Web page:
If you believe in reincarnation or fairy tales, perhaps Dr. Douglas Black will return as a stork.
He lived his life that way, as a deliverer of babies, carrying them into people’s lives. He told me he delivered “a couple of thousand” babies when I wrote about him six years ago.
That was his retirement column. Sadly, this is his obituary column. The good doctor left us earlier this month. He was 86.
Writing about Black is easy, because his life included such clear and distinctive paths, about riveting, human material. His father died from lung disease when Black was 3, turning his mother into a role model who was forced to raise her five sons alone.
And the baby angle, of course, is irresistible. Perhaps Black delivered one of your babies. Or all of them. Perhaps he delivered your mother’s babies, and her mother’s babies. Perhaps he delivered you.
It’s possible, because Black began his OB/GYN practice in Concord in 1963. He worked until he was 80 and, as colleague Dr. Oge Young of Concord told me, “He worked the hardest, and he was the oldest. An exhausting night for us was a night he would describe as exciting.”
This time, I found other angles, fresh angles, those I had not discovered when first meeting Black in 2011. I found Rita Portalupe of Bow. She and Black graduated from Spaulding High School in Barre, Vt., in 1948. They didn’t hang in the same circles back then.
But a couple of decades later, after Portalupe and husband Joseph had moved to this area, her life intersected with Black’s in a big way. In fact, he changed her life, because in those days women played only a minor role in the medical field.
Black had other ideas. Progressive ideas. That’s why he sent Portalupe to Alabama for more education. He promised her a job when she got back, and he kept his promise.
“He gave me the opportunity to become the very first nurse practitioner in Concord, which I’ll always be grateful to him for,” Portalupe said. “He was kind and considerate to his employees and to his patients, and his patients loved him, because they knew he really cared for them.”
“I’d ask him, ‘How can you support the Republican Party when they want to outlaw abortion,’ ” Young said. “He’d say, ‘I’m not a one-issue person.’ ”
Elsewhere, Young told me Black introduced natural childbirth to Concord’s medical community and fathers to Concord’s delivery rooms. He told me women who lived south of here would bypass hospitals in Manchester to have their babies in Concord.
And, as we know, Black loved delivering babies. He and wife Elizabeth had five of their own. At work, Black and Young and three others delivered 1,850 babies per year, compared to the 1,200 delivered today by 20 area obstetricians, according to Young.
“His work was his everything,” said Black’s daughter, Becky Black, who works for the Community Action Program. “He made it look easy. He’d come to work and every day was a beautiful sunset. Every sunset was the most beautiful sunset ever. He loved life.”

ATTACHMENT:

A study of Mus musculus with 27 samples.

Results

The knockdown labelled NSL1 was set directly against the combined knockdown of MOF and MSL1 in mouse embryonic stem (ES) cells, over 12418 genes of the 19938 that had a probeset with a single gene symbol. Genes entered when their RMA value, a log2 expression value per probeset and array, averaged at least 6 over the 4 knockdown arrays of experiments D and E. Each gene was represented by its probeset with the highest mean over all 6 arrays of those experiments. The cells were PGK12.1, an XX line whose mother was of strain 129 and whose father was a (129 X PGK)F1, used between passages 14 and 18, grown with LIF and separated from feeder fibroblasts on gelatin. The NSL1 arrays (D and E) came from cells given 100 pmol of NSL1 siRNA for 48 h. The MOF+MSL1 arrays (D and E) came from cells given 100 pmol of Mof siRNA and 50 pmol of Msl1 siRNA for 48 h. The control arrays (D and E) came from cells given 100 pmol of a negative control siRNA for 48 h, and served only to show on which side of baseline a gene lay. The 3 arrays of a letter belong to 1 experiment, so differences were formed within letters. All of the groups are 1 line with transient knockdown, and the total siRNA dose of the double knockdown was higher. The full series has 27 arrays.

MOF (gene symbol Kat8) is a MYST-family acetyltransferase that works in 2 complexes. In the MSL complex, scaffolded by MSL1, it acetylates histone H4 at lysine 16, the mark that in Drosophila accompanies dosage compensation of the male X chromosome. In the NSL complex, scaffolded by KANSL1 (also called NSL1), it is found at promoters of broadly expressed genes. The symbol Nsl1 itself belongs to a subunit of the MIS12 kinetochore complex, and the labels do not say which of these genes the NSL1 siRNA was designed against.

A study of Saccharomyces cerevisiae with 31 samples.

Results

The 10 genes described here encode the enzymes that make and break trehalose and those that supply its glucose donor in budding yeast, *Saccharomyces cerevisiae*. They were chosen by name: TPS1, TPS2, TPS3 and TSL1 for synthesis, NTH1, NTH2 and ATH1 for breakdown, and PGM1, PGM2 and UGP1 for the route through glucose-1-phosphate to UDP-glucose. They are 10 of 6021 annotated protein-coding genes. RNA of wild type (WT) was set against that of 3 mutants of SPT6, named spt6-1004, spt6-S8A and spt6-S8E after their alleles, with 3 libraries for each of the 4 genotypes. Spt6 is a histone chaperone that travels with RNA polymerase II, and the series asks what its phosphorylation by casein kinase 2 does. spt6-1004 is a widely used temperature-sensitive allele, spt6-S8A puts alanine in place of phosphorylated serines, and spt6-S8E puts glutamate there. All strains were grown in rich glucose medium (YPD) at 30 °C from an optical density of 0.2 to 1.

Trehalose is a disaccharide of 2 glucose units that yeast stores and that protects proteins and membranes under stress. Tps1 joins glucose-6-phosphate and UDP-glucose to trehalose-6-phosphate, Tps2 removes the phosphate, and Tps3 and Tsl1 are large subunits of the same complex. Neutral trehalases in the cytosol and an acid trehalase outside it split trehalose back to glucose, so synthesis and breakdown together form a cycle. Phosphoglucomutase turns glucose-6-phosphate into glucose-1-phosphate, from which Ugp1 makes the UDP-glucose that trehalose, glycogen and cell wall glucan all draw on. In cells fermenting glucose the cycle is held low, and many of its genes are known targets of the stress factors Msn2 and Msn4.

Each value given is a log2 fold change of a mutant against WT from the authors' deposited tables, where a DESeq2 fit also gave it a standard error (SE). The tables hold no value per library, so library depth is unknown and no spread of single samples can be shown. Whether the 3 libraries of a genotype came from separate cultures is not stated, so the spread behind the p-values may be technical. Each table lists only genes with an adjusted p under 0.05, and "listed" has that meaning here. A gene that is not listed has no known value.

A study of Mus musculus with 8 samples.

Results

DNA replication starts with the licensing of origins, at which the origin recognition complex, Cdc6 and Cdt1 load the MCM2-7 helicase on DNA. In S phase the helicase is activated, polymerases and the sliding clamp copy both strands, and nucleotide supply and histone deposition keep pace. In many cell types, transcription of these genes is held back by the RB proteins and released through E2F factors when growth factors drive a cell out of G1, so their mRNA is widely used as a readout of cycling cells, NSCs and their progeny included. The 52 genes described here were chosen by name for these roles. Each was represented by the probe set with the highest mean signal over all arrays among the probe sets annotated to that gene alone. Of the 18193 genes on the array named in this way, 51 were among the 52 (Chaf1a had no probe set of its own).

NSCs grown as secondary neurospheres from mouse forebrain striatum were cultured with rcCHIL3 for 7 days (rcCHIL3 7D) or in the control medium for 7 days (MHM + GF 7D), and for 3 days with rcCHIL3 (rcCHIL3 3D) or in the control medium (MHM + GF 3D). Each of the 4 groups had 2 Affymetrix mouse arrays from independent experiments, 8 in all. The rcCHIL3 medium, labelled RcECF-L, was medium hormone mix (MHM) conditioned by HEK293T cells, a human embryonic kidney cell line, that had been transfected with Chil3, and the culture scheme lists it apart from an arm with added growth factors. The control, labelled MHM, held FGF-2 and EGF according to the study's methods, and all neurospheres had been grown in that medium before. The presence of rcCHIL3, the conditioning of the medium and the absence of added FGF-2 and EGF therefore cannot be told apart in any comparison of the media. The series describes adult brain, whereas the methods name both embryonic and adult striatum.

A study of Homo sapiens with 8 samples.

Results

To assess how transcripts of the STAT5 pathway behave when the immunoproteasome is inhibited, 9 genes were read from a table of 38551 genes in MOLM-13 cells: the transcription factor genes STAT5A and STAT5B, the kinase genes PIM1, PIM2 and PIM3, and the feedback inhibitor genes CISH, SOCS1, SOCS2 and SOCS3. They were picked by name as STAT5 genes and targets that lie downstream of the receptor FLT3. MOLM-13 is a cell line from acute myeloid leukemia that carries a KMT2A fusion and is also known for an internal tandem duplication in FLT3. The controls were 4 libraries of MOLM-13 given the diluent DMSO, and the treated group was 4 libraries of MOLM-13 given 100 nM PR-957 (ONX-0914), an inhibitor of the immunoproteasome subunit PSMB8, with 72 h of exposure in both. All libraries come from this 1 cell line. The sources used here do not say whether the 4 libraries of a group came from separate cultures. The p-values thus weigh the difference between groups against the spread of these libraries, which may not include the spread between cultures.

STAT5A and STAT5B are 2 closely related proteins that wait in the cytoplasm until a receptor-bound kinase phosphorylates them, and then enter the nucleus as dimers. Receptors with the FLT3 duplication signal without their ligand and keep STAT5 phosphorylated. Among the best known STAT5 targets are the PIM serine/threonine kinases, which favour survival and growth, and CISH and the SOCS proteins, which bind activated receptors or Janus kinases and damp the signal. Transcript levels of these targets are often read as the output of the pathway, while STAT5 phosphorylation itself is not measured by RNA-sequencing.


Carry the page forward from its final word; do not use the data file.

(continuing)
And his patients loved his love of life. He calmed them, comforted them, no matter how many hours he’d worked, no matter how high his stress level happened to be at the time.
“His basic trait and the reason why people had positive feelings was he was open and friendly, understanding and a good listener,” said Becky Black’s husband, Doug Ingersoll. “He handled pressure like a routine occurrence that could be handled by anyone, and people reacted to that. Under pressure, his personality was a real bonus.”
Black felt pressure early. He grew up during the Depression in Barre, Vt., known as the Granite Capital of the World. His father and others who worked the quarries often suffered from dust-related silicosis. That led to tuberculosis. That led to death.
His 43-year-old father died when Black was 3. Joseph Portalupe, Rita’s husband, also grew up there, graduating from high school the year before they did, in 1947. He said Black had more to worry about than school.
“He was as active in high school as possible, because he was in that situation where his mother was widowed and he had to help at home,” Joseph told me. “He always had a part-time job. He knew responsibility at a very young age.”
Concord benefited from this sense of responsibility, this work ethic, this vision. In recent years, friends noticed that Black was slowing down. His memory wasn’t the same. He died from dementia-related illness on March 2, and a memorial service is scheduled for April 8 at 1 p.m. at St. Paul’s Church.
Robin Broadbent’s youngest son, Harry, was delivered by Black. She wonders if St. Paul’s can fit all the expected mourners.
“Oh my goodness gracious, we’re already asking what are we going to do?” Broadbent said. “There’s upstairs, there’s downstairs, but he was so well-loved, and so many babies. They’re everywhere.”
They are, indeed. Thousands of them. They began their lives in good hands.
“He was a role model of kindness,” Becky said.